Are you ready to sell vintage?
I remember my first vintage show. All of it, the good and the bad. It was a great experience, but I made some big money mistakes. To help new vintage vendors avoid them, here's a few things to keep in mind.
1. Keep it simple
I couldn't wait to do my first show! It's the experience that led me to where I am today. Can't go wrong being over prepared, right? Wrong. Less is more.
- Brought too much stuff to manage for a two-day show.
- Drove two vehicles, four hours each way. Ouch on the gas.
- Went far from home adding hotel expenses and food.
- Spent too much on full price retail display type items because I thought I had to have them.
I wish I would have:
- Picked a local market where I could learn without travel expenses.
- Taken my time on buying costly display things until I knew exactly what I needed.
- Realized that booth rent is not the only expense.
- Observed and noticed layouts and booths that were busy and taken notes.
- Started with only a few tables of stuff so I could observe other booths and customers.
- Talked to the promoter and other vendors and asked questions.
2. Set Realistic Expectations
My first show I thought customers would crowd around me, everything would be sold and customers would be so excited by my stuff they would carry me out on their shoulders chanting my name.
That's not what happened. Success takes time. So...
- Be committed to learn.
- Be humble and pay attention to what applies to your business.
- Smile and build relationships.
- Make your own decisions on what shows you want to do.
- Don't blame others.
Not every market is right for all vintage vendors. Just like online, you may be better at selling on Ebay than Etsy. What did it take for you to reach that conclusion?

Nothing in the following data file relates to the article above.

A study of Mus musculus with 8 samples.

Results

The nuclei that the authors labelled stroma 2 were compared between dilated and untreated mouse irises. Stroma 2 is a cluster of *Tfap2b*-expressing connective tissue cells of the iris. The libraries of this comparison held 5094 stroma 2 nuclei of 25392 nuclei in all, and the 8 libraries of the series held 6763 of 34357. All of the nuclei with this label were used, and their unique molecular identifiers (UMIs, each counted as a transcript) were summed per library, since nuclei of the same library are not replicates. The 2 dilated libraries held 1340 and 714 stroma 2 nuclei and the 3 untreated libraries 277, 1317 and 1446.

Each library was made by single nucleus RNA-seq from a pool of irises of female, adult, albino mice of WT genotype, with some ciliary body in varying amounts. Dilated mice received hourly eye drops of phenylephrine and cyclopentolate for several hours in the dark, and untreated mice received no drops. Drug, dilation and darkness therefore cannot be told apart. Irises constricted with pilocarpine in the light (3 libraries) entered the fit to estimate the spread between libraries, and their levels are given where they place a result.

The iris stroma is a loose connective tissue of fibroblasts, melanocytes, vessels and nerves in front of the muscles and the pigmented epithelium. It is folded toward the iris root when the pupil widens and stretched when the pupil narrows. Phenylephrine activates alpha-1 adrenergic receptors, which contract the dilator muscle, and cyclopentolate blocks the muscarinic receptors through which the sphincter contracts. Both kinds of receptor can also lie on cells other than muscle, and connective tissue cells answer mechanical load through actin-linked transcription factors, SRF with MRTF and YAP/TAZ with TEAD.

- When in doubt talk to the promoter. Your success is their success. Ask their advice on how to get started. Ask to be placed near dealers with a lot of successful show experience so you can get some pointers.
- Remember: When you ask other vintage dealers their opinions on a show you haven't done, their opinion can be skewed for many reasons. So while building relationships with your peers is a great idea, it's a business and you can't base it on opinion unless you are ready to ask them factual questions. This dealer may have more expenses, different merchandise or different price points than you. Do your research and figure out what's the right fit for you and your business.
3. Give Your Brand Identity a Little Time To Evolve
You started this because you have a great eye for vintage and knew you could make a business out of it. Buffy's Cool Collectible Rose Shabby Chipped Cottage seemed memorable, but now you hate it.
Take your time in finding your niche and brand. Don't think you must name your business immediately; have cards made with your first and last name. Call yourself a vintage enthusiast and make sure your style shines through when customers come into your booth. Work towards the branding you want and when you are ready to unveil it, you will already have a following that will be excited for you!
Here are a few posts I wrote about my own experiences as a vintage seller:
For the seller with experience:
I hope this helps, and if you decide to take the plunge and decide to be a vintage vendor at the Vintage Garage, check out our dealer application.
If we haven't met, I'm Melissa Sands, owner of Vintage Garage Chicago and vintage seller and buyer. I've loved the business of buying and selling vintage for a long time.